Essential Long Distance Hiking Safety Tips for Beginners

    Early man had to hike everywhere he wanted to go.

    Before horses, wagons, cars, trains, and airplanes, the only mode of travel was the two legs we were born with and a desire to get from A to B; to see what lay beyond the horizon and find undiscovered lands.

    Nowadays, we have it much easier. Modern transportation gets us where we’re going, whereas hiking allows us to take in sights and experiences not available to us from inside a car, train, or airplane.

    Hiking is a great way to get out and get some exercise and much-needed fresh air. However, there are a number of factors to consider before you venture out on your first outing.

    Temperature fluctuations:

    Prepare for the worst. Even a sudden onset rainstorm can come out of nowhere in the middle of the summer months, causing you to succumb to the elements unnecessarily.

    Leave extra room in your pack for a sweater, toque (fall, spring), water-repellent pullover or rain jacket, and lightweight zip-off pants (if wearing shorts.) Pack some gloves if you’re hiking late or early season.

    Footwear:

    Footwear is very terrain dependant. But for the most part, you can’t go wrong with a quality pair of hiking boots, preferably with a composite sole to protect against punctures which can quickly put the brakes on your hike (best-case scenario), or leave you stranded in the wilderness unable to walk (at the worst).

    Pack an extra pair of socks always and change them if your feet get overly sweaty, to prevent blisters from creeping up on you.

    Regional Animals (ie., danger):

    If you’re native to the surrounding area you’ll be hiking, this (hopefully) won’t be an issue. If you’re visiting an area or just plain never ventured outdoors before, you better know what dangerous wild animals and insects you’ll be encountering and how to avoid them if possible.

    You have no business hiking otherwise. Seasons will also play a big role on how dangerous animals can be. Hiking along the Yukon river during spring salmon season is a great way to tempt a deadly grizzly or black bear attack. Hiking in remote northern Canada during moose during the fall rutting season is an even easier way to get yourself killed!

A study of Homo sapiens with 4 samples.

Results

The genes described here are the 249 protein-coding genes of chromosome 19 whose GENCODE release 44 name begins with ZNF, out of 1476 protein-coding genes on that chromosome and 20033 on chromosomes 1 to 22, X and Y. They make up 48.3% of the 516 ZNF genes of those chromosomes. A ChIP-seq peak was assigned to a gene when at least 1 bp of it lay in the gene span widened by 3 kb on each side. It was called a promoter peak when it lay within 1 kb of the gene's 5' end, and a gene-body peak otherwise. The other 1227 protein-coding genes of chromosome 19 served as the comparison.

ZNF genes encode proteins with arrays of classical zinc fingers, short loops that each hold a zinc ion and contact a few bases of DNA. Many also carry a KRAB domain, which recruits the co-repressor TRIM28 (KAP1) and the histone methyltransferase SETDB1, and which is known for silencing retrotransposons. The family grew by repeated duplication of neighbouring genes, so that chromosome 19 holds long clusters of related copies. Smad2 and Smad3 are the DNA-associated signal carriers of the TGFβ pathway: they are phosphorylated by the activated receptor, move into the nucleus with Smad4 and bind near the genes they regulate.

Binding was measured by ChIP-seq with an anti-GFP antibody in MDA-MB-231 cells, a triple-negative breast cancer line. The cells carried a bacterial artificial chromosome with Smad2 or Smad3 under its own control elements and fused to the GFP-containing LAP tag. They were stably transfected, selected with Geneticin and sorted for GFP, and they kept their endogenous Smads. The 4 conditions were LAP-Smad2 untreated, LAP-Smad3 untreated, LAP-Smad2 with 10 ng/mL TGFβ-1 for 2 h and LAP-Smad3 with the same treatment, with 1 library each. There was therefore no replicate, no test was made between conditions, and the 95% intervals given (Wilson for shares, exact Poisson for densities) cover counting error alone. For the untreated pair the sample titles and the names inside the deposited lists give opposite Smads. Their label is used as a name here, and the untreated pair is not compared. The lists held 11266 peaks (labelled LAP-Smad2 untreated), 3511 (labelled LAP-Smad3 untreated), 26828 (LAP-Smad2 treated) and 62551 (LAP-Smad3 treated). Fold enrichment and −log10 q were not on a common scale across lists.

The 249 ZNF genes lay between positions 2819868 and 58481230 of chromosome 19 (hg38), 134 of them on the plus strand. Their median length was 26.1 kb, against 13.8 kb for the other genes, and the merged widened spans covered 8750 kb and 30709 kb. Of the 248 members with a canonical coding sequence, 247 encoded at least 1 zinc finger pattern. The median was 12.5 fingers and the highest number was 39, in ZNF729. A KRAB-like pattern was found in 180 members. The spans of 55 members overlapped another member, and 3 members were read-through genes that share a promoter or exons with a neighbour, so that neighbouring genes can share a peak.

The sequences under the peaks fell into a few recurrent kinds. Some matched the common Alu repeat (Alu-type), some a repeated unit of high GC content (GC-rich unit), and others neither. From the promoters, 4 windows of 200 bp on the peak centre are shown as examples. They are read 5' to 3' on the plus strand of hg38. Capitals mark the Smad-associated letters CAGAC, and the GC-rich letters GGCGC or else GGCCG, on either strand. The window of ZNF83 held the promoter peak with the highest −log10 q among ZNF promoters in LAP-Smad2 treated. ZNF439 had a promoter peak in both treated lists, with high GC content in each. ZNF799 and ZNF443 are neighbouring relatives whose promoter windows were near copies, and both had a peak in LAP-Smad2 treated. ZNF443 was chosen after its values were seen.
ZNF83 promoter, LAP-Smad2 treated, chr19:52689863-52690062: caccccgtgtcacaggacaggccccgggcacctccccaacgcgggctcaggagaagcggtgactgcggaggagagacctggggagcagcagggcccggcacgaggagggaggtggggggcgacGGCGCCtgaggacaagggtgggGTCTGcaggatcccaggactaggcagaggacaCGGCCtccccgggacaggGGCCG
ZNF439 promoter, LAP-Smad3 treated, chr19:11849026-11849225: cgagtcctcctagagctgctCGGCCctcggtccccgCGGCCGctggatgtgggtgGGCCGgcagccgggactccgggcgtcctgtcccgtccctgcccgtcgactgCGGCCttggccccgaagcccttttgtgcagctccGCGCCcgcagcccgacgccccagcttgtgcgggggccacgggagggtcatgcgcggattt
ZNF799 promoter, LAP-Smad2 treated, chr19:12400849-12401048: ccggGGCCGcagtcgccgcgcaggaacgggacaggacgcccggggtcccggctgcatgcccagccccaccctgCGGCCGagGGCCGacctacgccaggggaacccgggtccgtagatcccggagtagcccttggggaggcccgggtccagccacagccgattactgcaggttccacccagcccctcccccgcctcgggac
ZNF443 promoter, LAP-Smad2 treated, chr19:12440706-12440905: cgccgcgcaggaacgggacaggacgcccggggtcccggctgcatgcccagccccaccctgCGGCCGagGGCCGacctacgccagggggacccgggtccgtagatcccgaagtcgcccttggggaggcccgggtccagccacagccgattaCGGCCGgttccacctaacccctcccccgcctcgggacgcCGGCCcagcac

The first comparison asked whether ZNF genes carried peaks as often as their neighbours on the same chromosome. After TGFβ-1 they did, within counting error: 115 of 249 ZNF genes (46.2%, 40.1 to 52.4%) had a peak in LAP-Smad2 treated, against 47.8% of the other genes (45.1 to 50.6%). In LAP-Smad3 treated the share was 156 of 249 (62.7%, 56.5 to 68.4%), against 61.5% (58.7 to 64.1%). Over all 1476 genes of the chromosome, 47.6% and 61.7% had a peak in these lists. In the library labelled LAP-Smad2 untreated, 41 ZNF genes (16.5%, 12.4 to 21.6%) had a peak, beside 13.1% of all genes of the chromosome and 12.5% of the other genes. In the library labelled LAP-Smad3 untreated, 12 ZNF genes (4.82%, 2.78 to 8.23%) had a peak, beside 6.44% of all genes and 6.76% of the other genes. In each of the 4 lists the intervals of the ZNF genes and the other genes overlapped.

Other Environmental Variables:

    Poison ivy, poison oak, sumac, mudslides, sand storms, flash floods, etc. All of these and many more variables are very real threats to your comfort, health, and potentially your life! If you are in a new area you’re not familiar with, ask someone who knows the region well about environmental concerns you need to be aware of. Or hire a local guide.

    Navigation:

    A map and a compass

    No long hike should be absent of basic navigation equipment. A GPS is really nice, use it if you got it. However, a map of the area (that you know how to read) and a compass (that you know how to use) are equally essential if traveling in a strange area, even an area you’re familiar with.

    Trees, fields, lakes – can all overwhelm and play tricks on the mind and pull you way off course, regardless of how many times you’ve hiked an area. Navigation gear is doubly essential if you’re not hiking an established trail system such as remote parts of the Appalachian in the US, or off-the-beaten path sections of the GR Footpath in Europe that stretch out for thousands of square miles.

    Emergency Gear:

    Emergency gear is an oft-forgotten essential in any long distance hiking adventure. A basic first aid kit containing some bandages, medical tape, scissors, knife, and disinfectant are all that’s often needed.

    However, plan your kit based on the area you’re traveling, the amount of time you’ll be there, and who you’re with. For instance, if you have a friend who’s deathly allergic to bees, it might be prudent for both of you to have individual access to an epi pen in your individual emergency kits.

    Other good ideas include After-Bite, alcohol swabs, a splint-making kit, medical dressing material, fire making materials, a hunting knife, and anti-inflammatories.

    Last: Have an Emergency Rescue Plan

    You should never be hiking long distance by yourself, as common sense should dictate. Regardless whether you’re alone or part of a team, everyone present should have a charged cell phone in case of emergency. A sat phone is a really smart idea if you’re going to a super-remote area with questionable reception.

    Last, make sure someone else knows where you’re going and your day-to-day itinerary. A check-in/rescue plan should be made in advance, based on them not hearing from you at a set time or day.